Tata Dolly

Dolly is dead. There is no way not to write about that. Dolly was our family writer. She was our poet. She was our revolutionary spirit. She was my aunt: Tata Dolly.

She was a petite woman with a strong spirit. She was the one who could scream swear worlds on the top of her lungs when she felt mistreated. She was the one who taught us that we could say: “merde et va te faire foutre” to anyone who will try to prevent us to become who we wanted to be. With her long red hair she would be the one to show us the path toward feminism. She had six sisters (including my mom) and brought into this planet three daughter. And she was proud of that, because she knew that women are strong, that women are beautiful, that women are powerful.

She believed that women had the duty to be educated. She worked as a seamstress with her husband but, when she was not sawing, she was the first one to go to the library. She was walking into book signings and conferences and demanded attention. She always had something to say, always something to learn, always something to teach. In her forties she started sculpting and she was one of my inspiration as an artist. She was a free spirit. Nobody could tell her what to do, how to do it unless she could prove her she knew what she was talking about. We would have the longest conversations. She loved to argue, to dismantle a sentence, to analyze a parabola, to go on a runt about politics, literature or the last movie.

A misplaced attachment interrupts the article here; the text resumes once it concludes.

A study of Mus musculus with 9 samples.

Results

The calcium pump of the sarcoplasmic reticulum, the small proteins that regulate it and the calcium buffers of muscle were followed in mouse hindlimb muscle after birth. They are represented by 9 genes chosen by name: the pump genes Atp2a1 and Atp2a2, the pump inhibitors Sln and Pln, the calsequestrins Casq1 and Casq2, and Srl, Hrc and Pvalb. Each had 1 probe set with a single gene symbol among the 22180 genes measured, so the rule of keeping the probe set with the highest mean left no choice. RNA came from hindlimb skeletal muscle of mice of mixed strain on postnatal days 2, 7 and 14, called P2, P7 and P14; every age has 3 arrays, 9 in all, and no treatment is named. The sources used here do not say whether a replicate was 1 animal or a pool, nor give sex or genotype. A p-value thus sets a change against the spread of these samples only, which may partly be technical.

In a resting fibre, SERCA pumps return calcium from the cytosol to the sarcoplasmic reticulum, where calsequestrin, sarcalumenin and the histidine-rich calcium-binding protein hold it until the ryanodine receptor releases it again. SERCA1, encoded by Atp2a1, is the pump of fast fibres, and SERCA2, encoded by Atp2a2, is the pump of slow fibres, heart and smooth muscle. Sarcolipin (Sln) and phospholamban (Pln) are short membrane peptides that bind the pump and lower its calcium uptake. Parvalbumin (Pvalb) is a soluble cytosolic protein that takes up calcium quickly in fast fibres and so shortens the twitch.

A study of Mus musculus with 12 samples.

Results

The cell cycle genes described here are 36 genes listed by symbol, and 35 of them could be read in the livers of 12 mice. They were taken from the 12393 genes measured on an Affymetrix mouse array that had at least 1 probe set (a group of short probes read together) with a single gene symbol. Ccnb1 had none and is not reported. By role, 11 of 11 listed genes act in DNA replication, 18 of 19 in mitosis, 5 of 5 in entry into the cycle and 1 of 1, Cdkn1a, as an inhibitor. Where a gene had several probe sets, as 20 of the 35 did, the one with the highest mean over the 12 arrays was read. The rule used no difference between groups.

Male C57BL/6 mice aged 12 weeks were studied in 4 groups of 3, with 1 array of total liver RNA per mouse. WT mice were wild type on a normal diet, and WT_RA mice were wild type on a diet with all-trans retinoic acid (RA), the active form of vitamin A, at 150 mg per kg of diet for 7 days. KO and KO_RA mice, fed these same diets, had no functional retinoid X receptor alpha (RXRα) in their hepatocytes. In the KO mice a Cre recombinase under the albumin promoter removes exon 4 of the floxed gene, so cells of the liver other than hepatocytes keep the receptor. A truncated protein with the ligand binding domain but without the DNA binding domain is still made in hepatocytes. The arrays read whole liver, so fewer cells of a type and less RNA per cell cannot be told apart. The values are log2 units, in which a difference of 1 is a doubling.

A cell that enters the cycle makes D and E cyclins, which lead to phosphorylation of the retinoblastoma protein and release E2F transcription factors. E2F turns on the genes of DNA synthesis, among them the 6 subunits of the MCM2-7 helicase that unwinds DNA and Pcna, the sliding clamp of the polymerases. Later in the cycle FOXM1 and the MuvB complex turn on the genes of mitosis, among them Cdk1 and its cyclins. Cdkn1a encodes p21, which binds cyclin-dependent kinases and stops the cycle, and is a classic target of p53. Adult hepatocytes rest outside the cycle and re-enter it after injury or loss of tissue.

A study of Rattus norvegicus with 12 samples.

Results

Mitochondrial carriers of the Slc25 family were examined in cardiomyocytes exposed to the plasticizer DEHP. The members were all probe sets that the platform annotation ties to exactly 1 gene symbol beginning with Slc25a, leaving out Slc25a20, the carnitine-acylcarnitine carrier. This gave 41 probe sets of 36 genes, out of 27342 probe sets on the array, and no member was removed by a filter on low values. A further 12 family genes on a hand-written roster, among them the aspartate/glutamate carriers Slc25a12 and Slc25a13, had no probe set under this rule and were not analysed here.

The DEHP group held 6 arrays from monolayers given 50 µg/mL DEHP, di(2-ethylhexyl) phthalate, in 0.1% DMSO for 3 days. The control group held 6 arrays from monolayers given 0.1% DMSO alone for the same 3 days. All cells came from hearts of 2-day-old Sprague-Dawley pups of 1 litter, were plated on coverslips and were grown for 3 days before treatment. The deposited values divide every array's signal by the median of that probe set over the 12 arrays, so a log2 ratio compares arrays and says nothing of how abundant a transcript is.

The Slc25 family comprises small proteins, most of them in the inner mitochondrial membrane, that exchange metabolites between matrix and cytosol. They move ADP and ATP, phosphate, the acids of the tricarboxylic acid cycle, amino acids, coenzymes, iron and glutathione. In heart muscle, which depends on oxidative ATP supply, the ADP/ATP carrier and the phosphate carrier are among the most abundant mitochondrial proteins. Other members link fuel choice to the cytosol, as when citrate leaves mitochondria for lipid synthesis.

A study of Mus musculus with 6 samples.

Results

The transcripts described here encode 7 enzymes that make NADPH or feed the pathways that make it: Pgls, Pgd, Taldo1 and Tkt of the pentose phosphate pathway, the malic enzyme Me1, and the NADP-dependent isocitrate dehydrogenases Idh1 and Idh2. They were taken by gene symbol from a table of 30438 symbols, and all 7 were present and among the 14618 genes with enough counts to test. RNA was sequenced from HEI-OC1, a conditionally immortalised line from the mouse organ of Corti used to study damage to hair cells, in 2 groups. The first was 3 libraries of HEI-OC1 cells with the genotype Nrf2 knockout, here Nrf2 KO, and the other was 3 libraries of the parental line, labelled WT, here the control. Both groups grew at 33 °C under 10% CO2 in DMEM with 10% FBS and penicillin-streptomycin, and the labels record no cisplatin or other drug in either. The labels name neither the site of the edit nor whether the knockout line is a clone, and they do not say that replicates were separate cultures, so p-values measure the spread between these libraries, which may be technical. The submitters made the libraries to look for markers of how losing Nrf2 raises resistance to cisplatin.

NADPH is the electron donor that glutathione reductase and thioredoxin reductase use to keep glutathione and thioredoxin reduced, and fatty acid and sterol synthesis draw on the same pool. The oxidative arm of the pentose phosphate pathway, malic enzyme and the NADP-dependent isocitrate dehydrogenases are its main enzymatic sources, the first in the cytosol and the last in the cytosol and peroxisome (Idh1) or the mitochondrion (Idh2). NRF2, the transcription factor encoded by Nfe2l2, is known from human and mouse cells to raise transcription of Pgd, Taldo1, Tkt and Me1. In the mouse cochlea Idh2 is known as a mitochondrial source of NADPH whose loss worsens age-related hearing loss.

She was the memory of the sisterhood, of the Adida sister’s tribe. She was proud of the fact that they were all girls but their baby brother. She was the one telling me their stories and I’d better listen because as a girl I belonged to this tribe. And I’d better act as a strong girl because I was one of them. Dolly my revolutionary aunty. You started disappearing few years ago when your mind could not follow your soul anymore. Alzheimer unfortunately took your bright thoughts away from us when we could have learned some more from you, but even when your thoughts were not coherent anymore we could still hear your fierceness. Today your spirit decided to follow your soul and we will miss you but I know that each time I will fight for what I believe in, there will be a little bit of your teaching inside of me.

From left to right: Michou, Mona (my mom), Poupette, Dolly, Josette. Ginette and Claude are not on this picture.

From left to right: Michou, Mona (my mom), Poupette, Dolly, Josette. Ginette and Claude are not on this picture.